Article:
Editor’s note: If you live with an eating disorder, the following post could be potentially triggering. You can contact the Crisis Text Line by texting “NEDA” to 741-741.

Dear Mom,

“I think I have an … eating disorder.”

I uttered those words last September, a wave of shame and relief washing over me. You looked at me in disbelief. You had been concerned to see my weight keep dropping, even though I had reached my supposed goal weight. But to say it aloud was something else altogether.

When you weighed me a month later, my weight had dropped to the lowest in my life. I was elated; you were alarmed. A neighbor had asked you, “Is your daughter ill? She has lost so much weight.” Then I started treatment, a push to slowly increase calories. That is when you began to really see the demon — anorexia nervosa. You have told me you can see the demon on my face. I can’t imagine what those first few months were like. My dad and sister commented on how gaunt I was. “I don’t even know who she is anymore,” said my dad. But you felt the wrath of anorexia more than anyone else. You were responsible for feeding me, making sure week by week I followed my meal plan and consistently increased my calories. That I actually started weight restoration.

I was consumed by anorexia, so much I barely remember this time. The double life I had been living had come out. Anorexia was furious for being challenged at its dangerous game. All of the demon’s rules were being broken so I could weight restore, get healthy, stay out of the hospital.

You stood by me as I sullenly ate my dinner, isolated myself in my room after dinner, remained irritable and stressed, pushed myself to keep exercising unhealthily, refused food, came up with excuses. You looked into the eyes of the demon every day. You said, “no more secrets.”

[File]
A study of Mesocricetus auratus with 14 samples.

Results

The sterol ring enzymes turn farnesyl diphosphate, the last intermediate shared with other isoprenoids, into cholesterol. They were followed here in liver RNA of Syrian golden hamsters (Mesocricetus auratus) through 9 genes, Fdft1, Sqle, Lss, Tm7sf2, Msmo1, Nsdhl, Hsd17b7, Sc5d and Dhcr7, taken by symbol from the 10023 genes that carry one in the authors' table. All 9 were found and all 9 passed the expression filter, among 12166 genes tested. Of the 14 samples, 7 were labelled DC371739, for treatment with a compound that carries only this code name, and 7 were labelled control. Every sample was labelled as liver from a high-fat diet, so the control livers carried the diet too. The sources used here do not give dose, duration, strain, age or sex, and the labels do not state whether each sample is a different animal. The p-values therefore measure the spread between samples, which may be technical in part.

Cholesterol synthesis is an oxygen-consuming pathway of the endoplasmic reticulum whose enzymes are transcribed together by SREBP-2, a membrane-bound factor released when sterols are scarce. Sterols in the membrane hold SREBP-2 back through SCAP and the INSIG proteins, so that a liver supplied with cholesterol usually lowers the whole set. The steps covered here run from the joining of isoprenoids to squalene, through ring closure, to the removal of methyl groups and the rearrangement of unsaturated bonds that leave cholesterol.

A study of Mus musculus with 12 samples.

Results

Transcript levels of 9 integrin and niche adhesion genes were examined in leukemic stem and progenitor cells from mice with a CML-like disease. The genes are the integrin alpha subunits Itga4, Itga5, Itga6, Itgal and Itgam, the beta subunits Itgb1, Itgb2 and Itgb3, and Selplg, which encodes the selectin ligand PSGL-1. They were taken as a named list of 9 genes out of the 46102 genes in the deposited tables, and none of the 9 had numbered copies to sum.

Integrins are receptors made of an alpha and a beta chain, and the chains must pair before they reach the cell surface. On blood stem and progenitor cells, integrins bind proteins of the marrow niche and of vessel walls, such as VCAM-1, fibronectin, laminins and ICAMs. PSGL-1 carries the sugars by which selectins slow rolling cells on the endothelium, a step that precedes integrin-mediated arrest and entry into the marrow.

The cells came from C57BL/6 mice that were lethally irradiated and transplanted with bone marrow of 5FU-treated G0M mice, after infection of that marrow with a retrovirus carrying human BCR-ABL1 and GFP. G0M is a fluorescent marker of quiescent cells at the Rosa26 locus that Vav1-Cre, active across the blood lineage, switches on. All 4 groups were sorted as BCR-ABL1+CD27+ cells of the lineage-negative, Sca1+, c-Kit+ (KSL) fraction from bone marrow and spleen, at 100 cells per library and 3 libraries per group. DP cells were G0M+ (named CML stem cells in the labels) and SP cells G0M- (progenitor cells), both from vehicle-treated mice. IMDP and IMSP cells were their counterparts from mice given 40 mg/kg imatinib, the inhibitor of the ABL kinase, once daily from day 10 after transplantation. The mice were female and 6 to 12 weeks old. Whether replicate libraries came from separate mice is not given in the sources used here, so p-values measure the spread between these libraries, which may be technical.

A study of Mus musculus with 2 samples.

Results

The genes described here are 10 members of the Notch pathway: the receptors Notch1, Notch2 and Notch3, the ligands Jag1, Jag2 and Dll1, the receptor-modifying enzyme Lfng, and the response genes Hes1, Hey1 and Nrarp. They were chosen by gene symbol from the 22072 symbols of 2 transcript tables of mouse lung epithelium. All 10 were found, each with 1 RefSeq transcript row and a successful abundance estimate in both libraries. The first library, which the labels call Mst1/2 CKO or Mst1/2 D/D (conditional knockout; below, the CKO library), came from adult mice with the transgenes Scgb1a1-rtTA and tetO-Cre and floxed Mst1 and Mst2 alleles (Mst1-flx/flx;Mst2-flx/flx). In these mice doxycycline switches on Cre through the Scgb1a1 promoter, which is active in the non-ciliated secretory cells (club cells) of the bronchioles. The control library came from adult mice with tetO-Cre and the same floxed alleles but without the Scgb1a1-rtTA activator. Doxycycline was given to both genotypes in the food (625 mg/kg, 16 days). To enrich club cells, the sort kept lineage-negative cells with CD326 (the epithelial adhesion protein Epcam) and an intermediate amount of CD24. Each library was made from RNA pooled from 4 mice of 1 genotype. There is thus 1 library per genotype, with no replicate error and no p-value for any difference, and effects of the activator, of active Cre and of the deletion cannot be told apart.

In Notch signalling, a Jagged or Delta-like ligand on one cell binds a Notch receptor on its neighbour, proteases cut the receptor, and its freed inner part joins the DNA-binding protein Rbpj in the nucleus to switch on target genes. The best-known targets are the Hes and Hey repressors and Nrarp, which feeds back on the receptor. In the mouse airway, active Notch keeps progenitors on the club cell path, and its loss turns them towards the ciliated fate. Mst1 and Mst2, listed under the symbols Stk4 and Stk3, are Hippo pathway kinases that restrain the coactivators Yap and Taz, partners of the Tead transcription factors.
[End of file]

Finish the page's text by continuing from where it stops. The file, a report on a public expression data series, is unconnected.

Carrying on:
Slowly, I began to think and feel more clearly. I saw and continue to see much the demon has hurt you. That is something I deeply regret, something which makes me hate the anorexia every day.

Anorexia still has a hold on me. It knows what makes me vulnerable, and a few weeks ago, it wanted to drag me into a full relapse. That is when my therapist wanted to call you. She said, “Your mom is your support. She is your team. You need her right now.”

So thank you, Mom. Without you, I would have been hospitalized. Without you, I would not have made it this far. I know I have a long journey ahead of me. I know anorexia is doing anything in its power to keep its hold of me. But I have something to fight back — you.

I want a real relationship, not a double life. Laughter, sometimes tears, encouragement, afternoons spent together. You are bringing me out of the darkness, a darkness I still feel every day. For that, I am forever grateful.

Happy Mother’s Day.


Your Daughter

If you or someone you know is struggling with an eating disorder, you can call the National Eating Disorders Association Helpline at 1-800-931-2237.